The first thing you should know about Patchwerk by David Tallerman is that I found it hard to finish on my first attempt. I received a review copy of the novella from Tor about three months ago, sprinted through half of it, and then put it aside for an onslaught of video games and comic books which I deemed more worthy of my time. It was only on my second attempt that I managed to finish the story.
The second thing you should know is that the novella relies very heavily on a gimmick to work, and it was one I didn’t quite like on my first attempt. In order to talk about this story, I have to talk about that gimmick, so consider this your SPOILER WARNING.
The third thing you should know is that knowing the gimmick ahead of time made my second attempt at this story much more enjoyable.
Patchwerk is a short science fiction novella (the .pdf I received was around a 100 pages, though Amazon.com is listing the page count closer to 150) about Dran Florrian, a scientist turned spy who is covertly shipping his world-bending invention across the ocean. It’s a gamble, and like all gambles, falls through: A group of…let’s call them terrorists takes control of his machine and attempts to kill him.
As far as plot and character go, Patchwerk isn’t going to break any grounds. It’s a fun little action/adventure scifi story at its core and doesn’t try to do much more than that. However, what sets it apart is that little gimmick I mentioned earlier.
Dran’s invention, Palimpsest, is heavily rooted in the multiverse, and in fact, can glimpse and view other planes of existence. This fact is treated as a somewhat big reveal and mentioned halfway through the novella (around page 50), though how it actually affects the characters within the story starts much earlier, around page 24.
As Dran makes his way through the novel, Palimpsest jumps him through the multiverse, changing him and his surroundings as the story advances. These changes are done abruptly (I imagine in an attempt to be seamless), and I found them very jarring and strange. The first time reality shifted, I thought I was staring at a bunch of typos since all of the names were spelled slightly differently. I also thought I had missed a very big deal of world building since the characters went from human to anthropomorphic insects.
It was frustrating, especially because Dran wasn’t confused at all. Everything was normal, except nothing was normal.
By the third or fourth shift, I figured out what was happening, so when the big reveal arrived, I wasn’t all that surprised. In fact, it made me shrug and think something along the lines of, “short pieces of fiction are great for experimenting, and interesting ideas can be annoying in practice.” It’s never good when a story makes you doubt the editing of an author or publishing house.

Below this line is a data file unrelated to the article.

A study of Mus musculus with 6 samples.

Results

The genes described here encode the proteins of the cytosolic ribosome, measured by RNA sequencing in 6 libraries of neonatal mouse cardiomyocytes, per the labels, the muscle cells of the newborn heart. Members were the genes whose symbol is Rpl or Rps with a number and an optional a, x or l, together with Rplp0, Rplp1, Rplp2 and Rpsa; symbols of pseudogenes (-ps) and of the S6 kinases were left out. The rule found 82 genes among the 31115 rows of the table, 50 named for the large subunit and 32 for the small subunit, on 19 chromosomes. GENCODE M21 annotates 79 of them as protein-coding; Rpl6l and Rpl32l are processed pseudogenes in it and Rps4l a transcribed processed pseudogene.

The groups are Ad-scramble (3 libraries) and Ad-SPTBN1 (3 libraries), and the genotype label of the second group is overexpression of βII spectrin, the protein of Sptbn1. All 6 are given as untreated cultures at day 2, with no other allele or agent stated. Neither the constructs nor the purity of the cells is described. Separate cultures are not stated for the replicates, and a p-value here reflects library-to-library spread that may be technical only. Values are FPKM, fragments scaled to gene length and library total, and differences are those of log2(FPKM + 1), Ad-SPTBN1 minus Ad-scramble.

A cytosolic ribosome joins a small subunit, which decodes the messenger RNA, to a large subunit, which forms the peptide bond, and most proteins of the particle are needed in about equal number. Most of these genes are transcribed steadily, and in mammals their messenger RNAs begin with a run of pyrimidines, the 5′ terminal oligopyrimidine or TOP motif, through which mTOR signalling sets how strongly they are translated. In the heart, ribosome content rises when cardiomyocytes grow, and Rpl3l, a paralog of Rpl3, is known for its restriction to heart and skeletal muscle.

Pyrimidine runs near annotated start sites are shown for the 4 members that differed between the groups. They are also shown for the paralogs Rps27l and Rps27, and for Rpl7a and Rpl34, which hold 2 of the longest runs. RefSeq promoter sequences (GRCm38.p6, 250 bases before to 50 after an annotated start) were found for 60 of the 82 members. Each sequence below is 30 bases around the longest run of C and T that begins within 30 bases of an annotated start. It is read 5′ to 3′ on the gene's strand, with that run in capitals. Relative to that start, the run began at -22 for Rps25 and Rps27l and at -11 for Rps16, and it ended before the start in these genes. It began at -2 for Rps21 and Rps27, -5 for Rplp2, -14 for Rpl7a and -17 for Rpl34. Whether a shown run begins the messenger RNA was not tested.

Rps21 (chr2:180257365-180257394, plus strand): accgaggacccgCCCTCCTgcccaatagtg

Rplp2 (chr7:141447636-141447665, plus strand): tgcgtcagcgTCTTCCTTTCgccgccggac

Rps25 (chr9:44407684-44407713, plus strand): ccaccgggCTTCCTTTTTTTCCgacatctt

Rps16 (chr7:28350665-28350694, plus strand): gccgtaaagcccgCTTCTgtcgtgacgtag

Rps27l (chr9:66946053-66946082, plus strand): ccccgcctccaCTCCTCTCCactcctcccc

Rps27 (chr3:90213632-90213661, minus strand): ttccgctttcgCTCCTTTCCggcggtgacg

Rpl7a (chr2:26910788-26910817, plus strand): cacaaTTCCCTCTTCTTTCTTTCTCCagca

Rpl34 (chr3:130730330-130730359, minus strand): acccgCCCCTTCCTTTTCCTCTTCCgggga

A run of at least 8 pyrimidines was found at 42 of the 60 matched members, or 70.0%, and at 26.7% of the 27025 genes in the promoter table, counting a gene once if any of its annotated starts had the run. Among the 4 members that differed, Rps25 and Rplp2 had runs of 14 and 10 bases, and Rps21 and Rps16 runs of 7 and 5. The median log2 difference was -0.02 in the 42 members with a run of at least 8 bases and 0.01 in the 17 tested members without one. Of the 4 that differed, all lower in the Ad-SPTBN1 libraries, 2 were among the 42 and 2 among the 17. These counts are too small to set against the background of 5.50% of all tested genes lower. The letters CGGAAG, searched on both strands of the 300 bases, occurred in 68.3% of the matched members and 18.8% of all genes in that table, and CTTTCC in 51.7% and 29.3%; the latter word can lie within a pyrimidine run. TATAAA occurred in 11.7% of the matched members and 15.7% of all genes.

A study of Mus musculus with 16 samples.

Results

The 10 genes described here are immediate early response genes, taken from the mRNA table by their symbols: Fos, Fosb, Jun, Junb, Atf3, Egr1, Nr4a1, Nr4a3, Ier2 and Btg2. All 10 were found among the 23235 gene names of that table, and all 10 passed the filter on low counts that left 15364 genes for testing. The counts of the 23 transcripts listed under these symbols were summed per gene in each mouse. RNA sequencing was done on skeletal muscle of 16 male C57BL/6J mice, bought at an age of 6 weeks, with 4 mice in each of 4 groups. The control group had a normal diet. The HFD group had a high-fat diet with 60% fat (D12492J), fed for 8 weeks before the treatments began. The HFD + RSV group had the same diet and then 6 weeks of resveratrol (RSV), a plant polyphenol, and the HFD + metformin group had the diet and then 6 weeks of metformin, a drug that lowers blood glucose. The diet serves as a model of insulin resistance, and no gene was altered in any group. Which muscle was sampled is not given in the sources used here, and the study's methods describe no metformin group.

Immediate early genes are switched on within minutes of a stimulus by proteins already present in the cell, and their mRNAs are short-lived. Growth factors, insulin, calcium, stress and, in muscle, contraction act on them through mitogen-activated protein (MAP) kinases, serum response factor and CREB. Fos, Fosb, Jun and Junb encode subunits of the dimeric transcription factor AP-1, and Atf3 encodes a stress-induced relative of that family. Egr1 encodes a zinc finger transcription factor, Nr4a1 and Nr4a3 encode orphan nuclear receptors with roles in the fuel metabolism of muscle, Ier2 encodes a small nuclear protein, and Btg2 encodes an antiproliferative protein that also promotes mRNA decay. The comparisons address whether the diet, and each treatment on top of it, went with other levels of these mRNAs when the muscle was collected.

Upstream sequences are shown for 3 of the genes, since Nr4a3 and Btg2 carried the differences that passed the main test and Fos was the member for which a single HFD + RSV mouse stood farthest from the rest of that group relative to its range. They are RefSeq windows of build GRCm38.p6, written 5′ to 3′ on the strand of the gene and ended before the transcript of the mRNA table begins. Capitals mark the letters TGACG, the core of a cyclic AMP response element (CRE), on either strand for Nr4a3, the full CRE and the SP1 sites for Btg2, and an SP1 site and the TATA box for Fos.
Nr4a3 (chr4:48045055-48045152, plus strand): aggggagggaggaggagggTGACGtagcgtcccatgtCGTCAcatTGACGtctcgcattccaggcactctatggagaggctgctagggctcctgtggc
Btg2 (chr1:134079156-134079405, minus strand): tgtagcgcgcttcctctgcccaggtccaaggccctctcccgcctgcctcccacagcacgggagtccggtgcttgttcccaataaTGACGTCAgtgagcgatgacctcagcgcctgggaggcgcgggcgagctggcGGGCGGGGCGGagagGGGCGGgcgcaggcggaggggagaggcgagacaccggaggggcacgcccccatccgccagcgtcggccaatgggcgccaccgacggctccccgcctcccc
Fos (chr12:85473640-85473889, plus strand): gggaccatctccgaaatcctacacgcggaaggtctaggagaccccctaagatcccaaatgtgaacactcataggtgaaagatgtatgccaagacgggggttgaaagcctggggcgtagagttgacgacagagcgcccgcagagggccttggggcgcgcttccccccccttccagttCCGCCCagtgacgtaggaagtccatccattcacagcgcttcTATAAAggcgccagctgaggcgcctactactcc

However, on my second read, I did quite enjoy this little reality-jumping gimmick. It added some spice to an otherwise obvious scifi story, and looking back, the jumps are all done for very specific reasons. There’s more depth in Patchwerk than had I originally thought.
It also becomes the source of some amazement, since there’s a lot of world building done in a short amount of space. In the span of paragraphs and even well-placed names/nouns, I could garner much of why Dran’s dystopian future was such a dystopia, and this goes from the first version of reality to the last.
It takes a good deal of skill to do that, so bravo Mr. Tallerman.
As far as characters go, Dran is fairly alright and likeable. He’s a scientist first and a spy second, but as it turns out, he’s a pretty terrible spy. He knows just enough to not die, but not much more than that. It adds tension and makes certain sequences either very impressive or very amusing, and his lack of skill certainly makes him more relatable. His goals turn a bit topsy-turvy when he runs into his ex wife, but the relationship subplot going through the book manages to work.
It helps that Dran’s wife, Karen, is pretty cool.
The only character I really didn’t like was the villain, who came off as rather boring and obvious. He’s a bit of a sociopath, but not the fun kind like Alex in A Clockwork Orange. He just exists to drive the plot and be the bad guy.
Perhaps the best part of Patchwerk is how it turns the “mad scientist” idea on its head. Dran isn’t evil or crazy, yet his invention is so dangerous that he might as well be Dr. Evil drilling his way into the Earth’s core to set off every active volcano on our planet. It’s fun, because even though he means well, his authorial intent doesn’t really matter.
Conversely, the villain is as evil as Dr. Evil but not a scientist!
Patchwerk is a bit of a mixed bag. With the gimmick’s frustration out of the way, it becomes a pretty fun little scifi story with solid action and a likeable protagonist, though it also doesn’t aspire to much more than that. The gimmick is interesting in theory, yet in practice I found it kind of aggravating. It is well-written though, so if you’re desperate for this kind of story, you could do much worse. I’d say go for it if you’re willing to spend what Tor is asking for on a novella.